Mississippi State men’s basketball players Renardo Sidney and Elgin Bailey have been suspended indefinitely and sent home from the Diamond Head Classic in Hawaii for their part in a fight in the stands at the event late Thursday night.
State officials have confirmed both players were sent home from Honolulu Friday on separate planes and will not be playing today in MSU’s consolation game against tournament host Hawaii at 3:30 p.m. as well as the contest against St. Mary’s Wednesday in Las Vegas.
“I want to apologize to Mississippi State, the people in Hawaii and fans that were in the stands that witnessed everything,” Bailey said in a university statement.
Sidney and Bailey, who are roommates on campus and on road trips, were caught by ESPNU cameras throwing punches in the stands for about 10 minutes before the tip of the game between Hawaii and Utah at the Stan Sheriff Center. The video shows Sidney and Bailey fighting before senior forward Kodi Augustus and walk-on forward Taylor Luczak pulling Sidney away. Mississippi State assistant coach Marcus Grant, along with a Hawaiian security guard, then led Sidney down to the playing court.
Sidney was eventually escorted out of the arena by Honolulu police but nobody was arrested. Bailey was immediately taken from scene via a taxi.
“I'm very sorry for this incident,” stated Sidney. “I had no intention of this ever happening. I apologize for embarrassing my family, all the Mississippi State fans, my teammates and coaches. I will learn from this and move on."
ESPN color analyst Doug Gottlieb, who was preparing to call the Utah-Hawaii game at the media table when Thursday’s fight broke out, was able to describe the scene.
“It was a bizarre scene and one that I’m sure was scary for the people in the arena and in the stands near where it happened,” Gottlieb said. “For a kid (Sidney) that has serious pro aspirations, I can tell you also there was 20 NBA scouts in the stands watching every bit of that.”
According to the release sent out the university, the length of the suspension will be up to the players' actions going forward and the coaching staff will reassess the situation when the Bulldogs return to campus.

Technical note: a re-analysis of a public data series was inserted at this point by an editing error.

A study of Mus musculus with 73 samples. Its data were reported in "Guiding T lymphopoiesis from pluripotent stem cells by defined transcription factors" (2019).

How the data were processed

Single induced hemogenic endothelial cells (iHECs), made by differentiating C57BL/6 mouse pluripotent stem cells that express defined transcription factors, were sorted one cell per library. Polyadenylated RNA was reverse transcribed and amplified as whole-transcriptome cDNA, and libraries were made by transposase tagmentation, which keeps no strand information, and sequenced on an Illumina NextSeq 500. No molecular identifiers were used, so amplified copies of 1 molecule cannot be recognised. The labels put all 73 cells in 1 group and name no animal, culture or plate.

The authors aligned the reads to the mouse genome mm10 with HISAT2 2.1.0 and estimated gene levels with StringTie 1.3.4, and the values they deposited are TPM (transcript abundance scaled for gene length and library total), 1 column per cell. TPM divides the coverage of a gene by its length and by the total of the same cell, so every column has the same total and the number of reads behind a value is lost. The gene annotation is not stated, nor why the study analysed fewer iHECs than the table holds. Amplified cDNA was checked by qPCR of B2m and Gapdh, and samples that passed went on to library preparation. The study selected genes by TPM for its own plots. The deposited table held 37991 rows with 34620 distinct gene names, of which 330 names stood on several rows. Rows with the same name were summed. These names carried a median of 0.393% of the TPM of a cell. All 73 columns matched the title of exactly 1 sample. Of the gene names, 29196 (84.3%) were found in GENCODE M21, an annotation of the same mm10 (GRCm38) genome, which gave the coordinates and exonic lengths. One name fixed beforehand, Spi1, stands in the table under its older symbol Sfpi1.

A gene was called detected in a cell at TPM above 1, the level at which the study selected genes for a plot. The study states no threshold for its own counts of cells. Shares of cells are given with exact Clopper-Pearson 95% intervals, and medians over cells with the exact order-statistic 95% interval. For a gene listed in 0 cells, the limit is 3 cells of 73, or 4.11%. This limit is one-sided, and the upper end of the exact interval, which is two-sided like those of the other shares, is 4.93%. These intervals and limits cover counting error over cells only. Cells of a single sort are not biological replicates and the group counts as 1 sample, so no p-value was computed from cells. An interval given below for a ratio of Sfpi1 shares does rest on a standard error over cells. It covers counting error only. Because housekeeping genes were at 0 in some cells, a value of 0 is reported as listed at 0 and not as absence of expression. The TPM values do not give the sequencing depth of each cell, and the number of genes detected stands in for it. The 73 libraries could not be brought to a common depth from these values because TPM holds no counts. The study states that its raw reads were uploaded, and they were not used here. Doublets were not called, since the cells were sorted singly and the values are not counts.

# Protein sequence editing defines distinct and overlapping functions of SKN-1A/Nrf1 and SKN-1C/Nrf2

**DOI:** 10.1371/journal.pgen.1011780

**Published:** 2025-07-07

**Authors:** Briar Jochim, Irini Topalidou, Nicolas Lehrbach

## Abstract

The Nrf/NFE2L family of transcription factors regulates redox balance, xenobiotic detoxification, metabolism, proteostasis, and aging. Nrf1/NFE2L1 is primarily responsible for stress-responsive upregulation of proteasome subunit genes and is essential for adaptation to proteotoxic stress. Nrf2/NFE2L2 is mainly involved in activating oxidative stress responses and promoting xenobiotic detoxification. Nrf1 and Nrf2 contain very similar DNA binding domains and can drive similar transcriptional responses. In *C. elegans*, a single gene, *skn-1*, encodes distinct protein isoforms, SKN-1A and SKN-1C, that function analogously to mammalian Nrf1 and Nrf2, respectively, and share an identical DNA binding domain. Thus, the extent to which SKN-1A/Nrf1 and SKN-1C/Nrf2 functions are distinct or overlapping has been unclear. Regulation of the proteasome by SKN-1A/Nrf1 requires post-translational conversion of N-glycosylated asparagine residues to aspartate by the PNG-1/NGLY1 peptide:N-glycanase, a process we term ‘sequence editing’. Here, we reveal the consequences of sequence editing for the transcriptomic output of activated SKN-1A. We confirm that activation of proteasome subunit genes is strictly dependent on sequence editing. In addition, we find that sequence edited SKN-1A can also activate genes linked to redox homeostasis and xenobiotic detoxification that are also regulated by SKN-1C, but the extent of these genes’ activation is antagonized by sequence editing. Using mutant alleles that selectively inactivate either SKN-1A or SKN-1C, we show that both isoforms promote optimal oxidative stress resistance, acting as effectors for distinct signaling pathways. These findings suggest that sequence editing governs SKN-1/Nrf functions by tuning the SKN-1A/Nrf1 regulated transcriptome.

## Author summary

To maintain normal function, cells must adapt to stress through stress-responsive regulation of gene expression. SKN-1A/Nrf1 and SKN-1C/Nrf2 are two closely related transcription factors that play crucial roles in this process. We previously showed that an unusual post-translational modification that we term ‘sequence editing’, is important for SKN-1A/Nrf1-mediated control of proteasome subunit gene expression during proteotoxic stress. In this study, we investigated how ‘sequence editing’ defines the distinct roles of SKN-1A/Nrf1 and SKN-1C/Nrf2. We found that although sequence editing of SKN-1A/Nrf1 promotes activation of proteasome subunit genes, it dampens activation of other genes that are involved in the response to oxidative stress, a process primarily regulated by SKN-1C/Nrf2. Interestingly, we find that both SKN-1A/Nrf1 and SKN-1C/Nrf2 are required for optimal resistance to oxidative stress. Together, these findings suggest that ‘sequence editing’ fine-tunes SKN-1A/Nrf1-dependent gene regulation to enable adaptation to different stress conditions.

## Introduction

“The actions that took place Thursday night in Hawaii were embarrassing to all of us who love Mississippi State University and our athletic program,” Mississippi State athletics director Scott Stricklin said. “This behavior will not be tolerated.”
Stricklin told the Starkville Daily News that the decision to send both players home from the Aloha state and suspend them indefinitely was made with combined input from him, Mississippi State president Mark Keenum and men’s basketball head coach Rick Stansbury.
“In my 13 years as a head coach, we’ve never had anything like this happen before,” Stansbury said. “I am very disappointed in the actions of Elgin Bailey and Renardo Sidney and in no way does it reflect the overall picture of our program.”
Sidney, a former McDonald’s All-American, was suspended one game after an incident occurred during a practice Monday at the University of Hawaii. According to sources close to the situation, Sidney’s practice incident involved altercations with coaches and teammates while the team prepared for its holiday tournament.
After the Monday incident, Sidney was forced to sit during the Bulldogs’ 83-57 loss to Washington State in the first round of the event.
Hours before the fight with Bailey, Sidney came off the bench to lead the Bulldogs (8-4) in scoring with 19 points while grabbing six rebounds in 19 minutes during State's 69-52 win over San Diego Thursday afternoon.
When State plays Hawaii (8-3) for fifth place in the tournament, it will be severely challenged in the frontcourt without Sidney, Bailey and sophomore John Riek. University officials confirmed Riek, a 7-foot-1 center, was unable to meet the team in Hawaii after having passport issues stall his ability to make the trip to the Bahamas for State’s 88-57 loss to Virginia Tech on Dec.18. MSU spokesperson Gregg Ellis stated Friday that MSU expects to have Riek for the St. Mary’s game Wednesday in Las Vegas.
Last March, the NCAA levied a two-part penalty on Sidney that included a year of eligibility due to unethical conduct and nine games of this season due to impermissible benefits received prior to when he signed and arrived on the Mississippi State campus. Sidney had to repay the $11,800 in benefits he received to a charity both he and MSU determined was appropriate.
Bailey, who was named co-captain of the 2010-11 team as a junior, sat out the entire season last year while recovering from his severely dislocated ankle. The 6-foot-8 forward is averaging 5.8 points along with 4.3 rebounds and assumed the starting center role during the first nine games of Sidney’s suspension.
“Due to me being a captain, I should have handled the situation in a much different way,” Bailey said. “It should have never gotten to the point that it did. I really am sorry that all of this happened, especially with it unfolding on TV like it did.”
In the preseason, Bailey was the one Sidney credited as a motivating force in his peer group that not only kept him in Starkville to play for the Bulldogs during the this season but help him keep his mind on the game when the chances seemed dim that he would ever suit up for Bulldogs.
“I call him my little brother and you look at the things I’ve been through – they’re just life situations,” Bailey said during SEC Media Day in October 8. “I’ve sat out in high school (due to a Louisiana prep rule involving transfers) and sat out last year (with an injury). He knew where I was coming from because Renardo was used to playing.”
In his first regular season game in a Mississippi State uniform, Sidney had a team-high 12 points and three rebounds before fouling out in the loss to Virginia Tech in The Bahamas.